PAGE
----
Joseph Campbell (1904-1987), the author of The Ecstasy of Being: Mythology and Dance, has become well known in occult circles for his writing on comparative mythology and the common themes that myths seem to share across cultures. His work, The Hero with a Thousand Faces, and his collaboration with Bill Moyers to create the PBS series The Power of Myth, introduced many to the concept of the hero’s journey. The hero’s journey, with its structure of the call to adventure, the trials the hero faces, and the hero’s eventual return to the world having undergone a transformation, has been applied as a structure for everything from art, to fantasy stories, to initiatory rituals.1
The Ecstasy of Being is the latest book published as part of The Collected Works of Joseph Campbell series, as maintained by the Joseph Campbell Foundation, and it is broken into two sections. “Part I: Articles and Lectures” consists of eight articles and lecture transcripts on the subject of dance that span the years 1944-1978. “Part II: Mythology and Form in the Performing and Visual Arts,” is comprised of the first publication of a manuscript that Campbell was in the process of completing before his death in 1987. It also includes a forward by the book’s editor Nancy Allison, an extensive notes section, index, and a bibliography of Campbell’s works.
I cannot write this review without including a note on the language in the book. It is important to remember that, despite its 2017 publication date, what’s included in its pages was written decades ago; all but one of the collected articles and lectures included in Part I are from 1950 or earlier. The text makes use of male pronouns as if they are inclusive of everyone, and there are certain words used to designate people of colour that, while not considered appropriate today, would have been used commonly in academic circles at the time. In addition, most anthropologists today would not use the word “primitive” to refer to a living culture, as Campbell does when referring to some cultures mentioned in the first part of the book.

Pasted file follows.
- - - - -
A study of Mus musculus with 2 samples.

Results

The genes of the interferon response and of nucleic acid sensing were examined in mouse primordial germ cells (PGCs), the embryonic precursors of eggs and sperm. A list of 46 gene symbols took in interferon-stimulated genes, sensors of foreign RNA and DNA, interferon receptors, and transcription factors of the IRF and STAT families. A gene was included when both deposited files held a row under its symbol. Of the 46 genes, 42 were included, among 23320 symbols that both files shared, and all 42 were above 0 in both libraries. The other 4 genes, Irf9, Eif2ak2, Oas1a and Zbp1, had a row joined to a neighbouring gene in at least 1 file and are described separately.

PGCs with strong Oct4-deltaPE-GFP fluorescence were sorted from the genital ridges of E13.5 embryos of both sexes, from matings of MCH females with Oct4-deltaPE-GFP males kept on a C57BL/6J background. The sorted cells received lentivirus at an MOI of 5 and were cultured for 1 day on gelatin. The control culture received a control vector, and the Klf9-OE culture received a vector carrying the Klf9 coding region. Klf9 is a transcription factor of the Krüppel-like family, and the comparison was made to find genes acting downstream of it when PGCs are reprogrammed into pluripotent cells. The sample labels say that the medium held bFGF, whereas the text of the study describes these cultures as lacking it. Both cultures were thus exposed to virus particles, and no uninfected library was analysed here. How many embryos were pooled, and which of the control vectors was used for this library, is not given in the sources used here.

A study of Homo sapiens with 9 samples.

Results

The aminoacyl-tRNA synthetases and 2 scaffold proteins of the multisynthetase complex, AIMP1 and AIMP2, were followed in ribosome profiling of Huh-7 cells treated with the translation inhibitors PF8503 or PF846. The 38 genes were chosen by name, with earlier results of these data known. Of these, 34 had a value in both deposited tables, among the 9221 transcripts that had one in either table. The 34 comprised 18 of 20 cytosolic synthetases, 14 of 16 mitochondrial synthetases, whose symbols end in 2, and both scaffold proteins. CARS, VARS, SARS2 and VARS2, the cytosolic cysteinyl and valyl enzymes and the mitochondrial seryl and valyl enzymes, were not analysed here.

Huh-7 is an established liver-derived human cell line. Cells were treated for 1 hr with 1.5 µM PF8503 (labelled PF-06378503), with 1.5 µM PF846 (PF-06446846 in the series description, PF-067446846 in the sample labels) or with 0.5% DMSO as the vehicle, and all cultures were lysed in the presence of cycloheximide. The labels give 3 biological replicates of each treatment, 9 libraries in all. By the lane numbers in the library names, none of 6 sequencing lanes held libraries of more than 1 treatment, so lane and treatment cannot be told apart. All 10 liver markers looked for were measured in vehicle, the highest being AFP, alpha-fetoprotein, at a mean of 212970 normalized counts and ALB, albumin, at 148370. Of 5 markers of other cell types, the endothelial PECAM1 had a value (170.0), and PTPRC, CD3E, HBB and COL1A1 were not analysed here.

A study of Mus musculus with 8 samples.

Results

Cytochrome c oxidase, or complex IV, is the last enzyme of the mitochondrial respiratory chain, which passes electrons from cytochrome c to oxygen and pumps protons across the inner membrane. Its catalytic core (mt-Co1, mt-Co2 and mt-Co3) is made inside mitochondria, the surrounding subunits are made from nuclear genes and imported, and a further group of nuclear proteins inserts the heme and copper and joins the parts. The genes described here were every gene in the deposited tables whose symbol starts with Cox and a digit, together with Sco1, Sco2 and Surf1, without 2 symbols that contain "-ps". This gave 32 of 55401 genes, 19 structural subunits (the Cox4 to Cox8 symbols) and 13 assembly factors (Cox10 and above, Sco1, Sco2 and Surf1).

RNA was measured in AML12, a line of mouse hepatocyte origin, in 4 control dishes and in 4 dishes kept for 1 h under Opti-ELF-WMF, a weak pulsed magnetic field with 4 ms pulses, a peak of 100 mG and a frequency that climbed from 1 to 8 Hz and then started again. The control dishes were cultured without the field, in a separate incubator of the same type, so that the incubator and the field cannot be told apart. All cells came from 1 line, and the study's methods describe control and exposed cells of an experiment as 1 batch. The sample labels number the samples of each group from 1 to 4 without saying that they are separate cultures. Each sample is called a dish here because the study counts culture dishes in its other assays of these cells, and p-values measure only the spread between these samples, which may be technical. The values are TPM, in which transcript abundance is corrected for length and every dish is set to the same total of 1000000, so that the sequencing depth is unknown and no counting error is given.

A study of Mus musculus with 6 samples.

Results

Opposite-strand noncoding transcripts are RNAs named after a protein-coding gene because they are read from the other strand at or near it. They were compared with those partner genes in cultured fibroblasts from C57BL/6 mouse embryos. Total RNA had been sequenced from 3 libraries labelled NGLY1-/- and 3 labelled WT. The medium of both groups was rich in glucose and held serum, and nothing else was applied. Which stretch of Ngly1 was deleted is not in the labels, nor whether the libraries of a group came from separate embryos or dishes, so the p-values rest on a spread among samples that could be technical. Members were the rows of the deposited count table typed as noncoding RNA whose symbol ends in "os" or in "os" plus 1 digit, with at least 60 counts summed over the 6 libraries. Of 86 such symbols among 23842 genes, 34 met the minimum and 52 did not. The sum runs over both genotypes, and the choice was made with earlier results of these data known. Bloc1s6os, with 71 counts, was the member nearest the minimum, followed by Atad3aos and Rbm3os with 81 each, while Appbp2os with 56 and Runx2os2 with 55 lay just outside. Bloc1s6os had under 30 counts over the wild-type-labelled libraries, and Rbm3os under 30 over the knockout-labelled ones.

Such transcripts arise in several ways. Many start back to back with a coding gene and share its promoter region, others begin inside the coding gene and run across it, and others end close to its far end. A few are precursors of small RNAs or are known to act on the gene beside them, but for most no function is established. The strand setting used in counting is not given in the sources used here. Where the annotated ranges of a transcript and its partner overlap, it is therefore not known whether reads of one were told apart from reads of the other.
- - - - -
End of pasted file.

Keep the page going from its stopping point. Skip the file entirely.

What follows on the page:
Campbell’s writing style tends towards what some might call academic, and you can certainly hear the professor in his literary voice. However, there is also a passion for his subject that’s very present in his writing. At times, such as when he refers to how, in modern western culture, “the whole spirit of the ancient symbols is now lost to us. We no longer sense the supporting presence of the animal ancestors; we no longer live the cosmic drama of the heavens,” his tone becomes one of lament that many practitioners of modern earth-focused spirituality can likely identify with.2 The first half of the book focuses greatly on this loss and, particularly its loss in connection to dance, which in in the west has moved from the communal sharing of story and myth, to the stage where it has become “a sort of fashionable after-dinner entertainment for people able to afford expensive evenings.”3 He contrasts our modern take on dance to traditional and communal dances of the Andaman Islands and the hula of Hawaii, as well as others, and finds our western presentation to lack the connection to spirit noted in the quote above. Campbell expresses a definite sense of longing for there to be something more.
Part II explores how western artists from a variety of traditions have sought to bring this spirit back into their art forms through their exploration of myth and the living traditions of other cultures. He references visual artists, poets, and dancers who explored ancient mythological themes in their work. Referencing works by Pablo Picasso, W.B. Yeats, Michio Ito, and Isadora Duncan, he highlights how early 20th-century artists began to use mythological themes and cultural traditions from the east to move beyond the boundaries of what was considered art. He further explores the mythologically-inspired works of other dancers, including Martha Graham and Jean Erdman (his wife), as well as the composers such as John Cage, who created the scores they moved to.
Mythology and Form in the Performing and Visual Arts was not a final manuscript and was still in progress upon his death, and it does have a bit of a feeling of being unfinished. As a dancer and a practicing witch who makes use of movement and song in my celebrations and public rites, I identified deeply with the sense of loss Campbell so often expresses in this work, and the sense of hope he shares when examining the works of modern western artists who seem to be on a similar quest for this connection. I also found myself asking what Campbell might have thought of the modern Pagan movement as it exists today, and how many of us are actively working to reconnect to the “supporting presence of our animal ancestors,” and trying to find our place in “the cosmic drama of the heavens.” It is a path that, while not always clear to us, is perhaps a little easier for us to find and travel upon, thanks to the work of those, such as Campbell, who have come before us.
The Ecstasy of Being is certainly a recommended read for anyone who is a fan of Joseph Campbell’s work, but also for anyone who wishes to understand the connection and interplay of art and spirit, how the two were parted, and how we might begin to explore reuniting them, not only on the stage but within ourselves.